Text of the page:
Fiscal policies and market barriers have long deterred outsourcing buyers and providers from investing in Latin America. But creative sourcing solutions and a shift in corporate culture are helping to change that. The economic opportunities in the region are on the rise.
A friend recently told me an old joke about Latin America in the context of outsourcing: “Latin America is the next frontier in outsourcing—and it always will be.”
I have long promoted Latin America as an immense outsourcing opportunity—on both the demand and the supply side. But the obstacles are many and real. With a population of almost 600 million people across 26 nations, Latin America suffers from fragmentation of markets, languages and legal systems. Add cantankerous and protective government fiscal policies that lag behind the progress of globalization and either real or imagined political instability, and you have a formula that scares investors and multinational corporations from setting up shop. In essence, buyers and providers have found it challenging to successfully execute a regional strategy.
Many of these barriers still exist, but outsourcing activity has recently surged throughout the region. Here are five reasons why:
Some of the most creative and progressive outsourcing solutions are being implemented in Latin America. Without the benefit of labor arbitrage, the solutions themselves have had to achieve either a significant decrease in cost or a significant increase in performance. Therefore, outsourcing in Latin America is much closer to the bottom line than it is in other regions.
Corporate cultures are changing. Large, family-owned conglomerates are rapidly being turned over to professional management. Moreover, the executive teams in Latin America tend to be younger people from a more global generation ready and willing to work across borders. As increased demand has shown, outsourcing is neither taboo nor strange anymore.
Providers are investing. For a long time, HP and IBM were pretty much the only games in town, with Accenture following an aggressive-but-country-specific strategy focused on the major markets. This is no longer the case. Capgemini, Cognizant, HCL, Infosys, TCS, UST Global, and Wipro, to name a few, have all made significant investments in the region.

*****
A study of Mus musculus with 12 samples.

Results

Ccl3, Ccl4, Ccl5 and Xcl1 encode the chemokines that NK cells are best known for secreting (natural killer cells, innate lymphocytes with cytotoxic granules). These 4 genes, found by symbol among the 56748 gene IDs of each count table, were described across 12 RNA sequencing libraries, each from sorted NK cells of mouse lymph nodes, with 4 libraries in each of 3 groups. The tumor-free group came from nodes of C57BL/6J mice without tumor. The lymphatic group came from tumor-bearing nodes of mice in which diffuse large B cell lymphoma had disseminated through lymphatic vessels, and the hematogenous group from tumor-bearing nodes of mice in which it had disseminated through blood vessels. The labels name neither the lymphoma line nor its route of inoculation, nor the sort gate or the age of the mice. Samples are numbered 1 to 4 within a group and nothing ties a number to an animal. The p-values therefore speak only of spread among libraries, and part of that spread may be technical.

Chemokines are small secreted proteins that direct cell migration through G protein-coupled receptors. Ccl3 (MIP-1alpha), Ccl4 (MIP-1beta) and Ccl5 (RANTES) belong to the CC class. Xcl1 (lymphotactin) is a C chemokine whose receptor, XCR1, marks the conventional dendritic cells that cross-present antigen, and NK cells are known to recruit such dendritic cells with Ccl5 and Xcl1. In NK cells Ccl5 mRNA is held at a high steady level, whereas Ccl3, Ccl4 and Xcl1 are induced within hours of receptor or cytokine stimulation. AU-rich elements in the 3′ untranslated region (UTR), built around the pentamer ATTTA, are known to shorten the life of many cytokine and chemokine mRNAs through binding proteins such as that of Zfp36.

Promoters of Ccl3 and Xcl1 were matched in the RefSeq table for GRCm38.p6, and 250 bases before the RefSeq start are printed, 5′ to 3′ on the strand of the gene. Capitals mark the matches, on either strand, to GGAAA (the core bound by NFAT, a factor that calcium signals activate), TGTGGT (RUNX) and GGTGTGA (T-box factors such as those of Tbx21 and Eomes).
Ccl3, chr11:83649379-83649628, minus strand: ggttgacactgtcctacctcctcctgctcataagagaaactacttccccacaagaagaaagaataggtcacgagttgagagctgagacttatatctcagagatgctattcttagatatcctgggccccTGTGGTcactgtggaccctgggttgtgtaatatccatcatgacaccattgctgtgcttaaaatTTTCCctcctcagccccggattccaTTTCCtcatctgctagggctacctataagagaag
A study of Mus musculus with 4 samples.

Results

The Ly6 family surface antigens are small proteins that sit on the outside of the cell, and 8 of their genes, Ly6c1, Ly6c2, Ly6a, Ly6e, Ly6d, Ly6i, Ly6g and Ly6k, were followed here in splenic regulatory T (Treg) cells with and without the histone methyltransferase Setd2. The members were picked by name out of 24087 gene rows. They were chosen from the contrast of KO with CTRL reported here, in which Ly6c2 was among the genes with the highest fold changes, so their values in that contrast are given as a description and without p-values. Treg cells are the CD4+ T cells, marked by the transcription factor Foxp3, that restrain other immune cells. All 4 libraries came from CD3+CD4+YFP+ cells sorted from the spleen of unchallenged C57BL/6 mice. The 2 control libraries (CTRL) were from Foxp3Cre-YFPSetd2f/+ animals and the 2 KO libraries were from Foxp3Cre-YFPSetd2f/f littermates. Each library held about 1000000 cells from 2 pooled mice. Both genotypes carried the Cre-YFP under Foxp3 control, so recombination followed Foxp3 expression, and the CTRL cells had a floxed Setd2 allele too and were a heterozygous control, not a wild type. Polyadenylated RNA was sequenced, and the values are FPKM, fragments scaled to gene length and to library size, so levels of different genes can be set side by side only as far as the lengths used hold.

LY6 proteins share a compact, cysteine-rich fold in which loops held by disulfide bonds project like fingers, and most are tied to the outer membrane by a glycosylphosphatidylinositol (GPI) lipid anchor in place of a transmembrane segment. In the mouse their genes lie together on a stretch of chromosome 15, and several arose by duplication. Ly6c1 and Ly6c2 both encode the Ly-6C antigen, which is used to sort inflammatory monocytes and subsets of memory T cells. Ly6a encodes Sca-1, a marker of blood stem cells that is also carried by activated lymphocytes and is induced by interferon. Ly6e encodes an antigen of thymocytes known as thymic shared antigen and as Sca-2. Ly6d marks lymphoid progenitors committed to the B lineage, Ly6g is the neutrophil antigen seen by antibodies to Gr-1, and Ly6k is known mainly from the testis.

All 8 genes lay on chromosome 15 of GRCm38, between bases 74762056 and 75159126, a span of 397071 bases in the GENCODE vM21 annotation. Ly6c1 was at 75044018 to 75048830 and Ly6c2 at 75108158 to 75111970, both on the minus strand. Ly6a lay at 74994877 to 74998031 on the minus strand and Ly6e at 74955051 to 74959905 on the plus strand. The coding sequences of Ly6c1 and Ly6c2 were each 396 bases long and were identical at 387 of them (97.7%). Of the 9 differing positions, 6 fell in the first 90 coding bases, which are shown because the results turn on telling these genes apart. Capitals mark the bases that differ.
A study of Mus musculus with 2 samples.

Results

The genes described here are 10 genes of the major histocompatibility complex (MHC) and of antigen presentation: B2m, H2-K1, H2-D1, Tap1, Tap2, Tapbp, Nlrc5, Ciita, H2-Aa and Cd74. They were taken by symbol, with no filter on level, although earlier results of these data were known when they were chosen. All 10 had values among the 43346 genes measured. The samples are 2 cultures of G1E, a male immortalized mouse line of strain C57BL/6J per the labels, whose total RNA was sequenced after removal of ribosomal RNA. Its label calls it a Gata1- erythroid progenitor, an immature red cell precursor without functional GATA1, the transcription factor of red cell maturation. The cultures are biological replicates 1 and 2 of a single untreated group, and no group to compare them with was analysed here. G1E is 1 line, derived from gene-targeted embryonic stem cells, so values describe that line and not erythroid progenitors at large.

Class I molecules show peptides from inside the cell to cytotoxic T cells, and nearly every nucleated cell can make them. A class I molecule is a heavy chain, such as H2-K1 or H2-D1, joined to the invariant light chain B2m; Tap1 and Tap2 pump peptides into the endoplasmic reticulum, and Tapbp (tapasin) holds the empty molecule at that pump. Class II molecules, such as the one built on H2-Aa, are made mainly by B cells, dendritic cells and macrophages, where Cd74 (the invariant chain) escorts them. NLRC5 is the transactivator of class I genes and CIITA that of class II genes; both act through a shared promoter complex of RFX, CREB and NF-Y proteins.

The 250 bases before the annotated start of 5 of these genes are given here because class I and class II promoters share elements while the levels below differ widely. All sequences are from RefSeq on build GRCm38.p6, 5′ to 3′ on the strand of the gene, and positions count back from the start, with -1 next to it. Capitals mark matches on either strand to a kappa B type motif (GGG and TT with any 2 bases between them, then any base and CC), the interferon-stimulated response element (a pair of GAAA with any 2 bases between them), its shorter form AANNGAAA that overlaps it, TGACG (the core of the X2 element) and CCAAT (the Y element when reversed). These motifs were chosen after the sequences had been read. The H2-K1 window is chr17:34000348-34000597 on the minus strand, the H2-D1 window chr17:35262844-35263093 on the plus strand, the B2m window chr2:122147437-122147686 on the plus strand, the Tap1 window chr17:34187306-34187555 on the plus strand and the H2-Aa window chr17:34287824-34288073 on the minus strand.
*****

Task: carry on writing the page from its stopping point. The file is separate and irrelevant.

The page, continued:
Free trade is gaining acceptance. The biggest economic success stories in the region have been those that have leveraged free trade. While Latin America will remain economically more volatile than most markets (there is no central bank like the Federal Reserve or the European Central Bank coordinating monetary policy across Latin America), companies that invest there have more confidence and more options as a result of a slew of free trade agreements signed over the last decade.
Merger and acquisition activity is creating global conglomerates like Vale and Petrobras in Brazil and Cemex and Grupo Bimbo in Mexico. Globally competitive companies need globally competitive outsourcing solutions.
Though anyone would tell you there is much work still to do and that pockets of crisis and disaster still exist, providers and buyers are finding that the economic opportunities far outweigh the risks in Latin America today. We see this in increased investment and in significantly higher deal volume. While, generally speaking, contract values remain smaller than in other parts of the world, the amount of activity seems to be increasing more rapidly than anywhere else.
The most exciting news for the outsourcing industry in Latin America is not the uptick in deal flow, however. It is the nature of the solutions being conceived, the creative integration of emerging technologies, the out-of-the-arbitrage-box thinking, and the move toward a more integrated global economy. Outsourcing in Latin America may well define the next “state of the art” and, in doing so, leapfrog other, more developed geographies that are having a harder time letting go of outdated technologies and commercial models.